A big part of this year’s legislative session has been Montana’s Republican-controlled Legislature fighting with Democratic Governor Steve Bullock over tax proposals.
Republicans have passed some of their priority bills, which at times have died with Bullock’s veto. And the governor’s proposals often died early in Republican-led committees. On Tuesday, Republican leadership announced a compromise with just two weeks left in the legislative session.
"We have a grouping of several bills that some of us on this side of the aisle like, and some of us on this side of the aisle like less, and vice versa," said Republican Senate Majority leader Fred Thomas speaking on the Senate Floor Tuesday.
"We're trying to tie a few bills together to, in essence, make as best a deal, if you want to use that term, best arrangement for the legislation for the state of Montana."
Thomas says late last week he met with the governor and agreed on moving forward with about a dozen tax policy bills.
Two Republican proposed bills on income and property taxes, which Democrats have said they don’t like, will be used as vehicles to move other bipartisan goals forward. Those bills would largely be gutted, being used instead to carry forward the legislative compromise Thomas says is being negotiated with Democratic leaders, including Governor Bullock.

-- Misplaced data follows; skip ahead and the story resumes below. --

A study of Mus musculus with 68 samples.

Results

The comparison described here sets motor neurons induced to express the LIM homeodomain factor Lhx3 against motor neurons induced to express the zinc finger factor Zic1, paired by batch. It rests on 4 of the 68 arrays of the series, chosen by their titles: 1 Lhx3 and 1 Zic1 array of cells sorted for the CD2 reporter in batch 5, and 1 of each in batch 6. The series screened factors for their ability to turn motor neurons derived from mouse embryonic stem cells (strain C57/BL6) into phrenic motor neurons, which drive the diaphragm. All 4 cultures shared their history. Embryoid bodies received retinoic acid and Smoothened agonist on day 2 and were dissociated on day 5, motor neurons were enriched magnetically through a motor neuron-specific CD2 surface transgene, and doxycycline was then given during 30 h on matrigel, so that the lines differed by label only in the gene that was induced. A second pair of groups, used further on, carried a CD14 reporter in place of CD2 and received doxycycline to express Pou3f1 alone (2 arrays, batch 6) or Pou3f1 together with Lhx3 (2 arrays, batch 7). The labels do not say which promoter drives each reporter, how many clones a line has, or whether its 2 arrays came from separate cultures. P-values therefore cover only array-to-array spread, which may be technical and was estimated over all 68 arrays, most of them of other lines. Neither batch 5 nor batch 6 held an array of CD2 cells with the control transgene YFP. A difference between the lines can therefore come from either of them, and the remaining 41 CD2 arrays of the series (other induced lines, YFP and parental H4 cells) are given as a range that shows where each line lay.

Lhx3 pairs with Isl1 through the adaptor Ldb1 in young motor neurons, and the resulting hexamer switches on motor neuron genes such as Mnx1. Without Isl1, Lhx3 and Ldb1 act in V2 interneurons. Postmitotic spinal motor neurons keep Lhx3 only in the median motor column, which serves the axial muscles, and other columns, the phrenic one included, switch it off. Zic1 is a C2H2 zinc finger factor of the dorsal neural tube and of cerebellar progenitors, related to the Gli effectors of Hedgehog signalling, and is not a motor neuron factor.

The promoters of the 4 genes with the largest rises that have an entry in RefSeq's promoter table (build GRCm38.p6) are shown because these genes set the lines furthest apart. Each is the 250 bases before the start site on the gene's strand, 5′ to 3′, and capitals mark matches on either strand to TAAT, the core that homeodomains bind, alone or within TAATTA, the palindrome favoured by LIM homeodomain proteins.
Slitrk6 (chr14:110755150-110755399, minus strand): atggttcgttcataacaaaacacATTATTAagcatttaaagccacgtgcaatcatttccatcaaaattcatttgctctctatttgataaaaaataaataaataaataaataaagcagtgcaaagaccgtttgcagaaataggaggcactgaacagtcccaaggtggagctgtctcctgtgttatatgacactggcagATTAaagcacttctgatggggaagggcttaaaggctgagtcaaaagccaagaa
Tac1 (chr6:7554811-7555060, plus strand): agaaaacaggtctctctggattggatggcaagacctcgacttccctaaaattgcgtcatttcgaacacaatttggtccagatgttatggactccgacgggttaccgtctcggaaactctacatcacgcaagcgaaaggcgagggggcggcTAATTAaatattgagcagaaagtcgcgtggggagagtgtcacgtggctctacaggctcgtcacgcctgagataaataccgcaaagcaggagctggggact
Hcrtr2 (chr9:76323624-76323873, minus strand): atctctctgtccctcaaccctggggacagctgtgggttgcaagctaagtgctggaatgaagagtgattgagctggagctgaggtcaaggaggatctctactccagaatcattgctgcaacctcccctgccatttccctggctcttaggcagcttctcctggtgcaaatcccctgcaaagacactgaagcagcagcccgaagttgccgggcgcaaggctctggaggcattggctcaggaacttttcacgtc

Senator Thomas declined to discuss specific details of the upcoming bill package.
Democratic Minority Leader Jon Sesso says he learned of the governor’s talks with Republican leaders over the weekend, and still isn’t clear on some of the details. But he says there are a few bills, including an income tax credit proposal, that need some cooperation if they’re going to become law.
"To a certain extent you have to give to get," Sesso says.
In the mix, Democrats appear to be getting tax credits for employers who hire new apprentices, and tax breaks for expanding industries.
Both of the bills to move the compromise forward passed initial votes on the Senate floor Tuesday afternoon. One more vote will send them to the House, where leaders say they’ll be channeled into a conference committee to hammer out compromise details.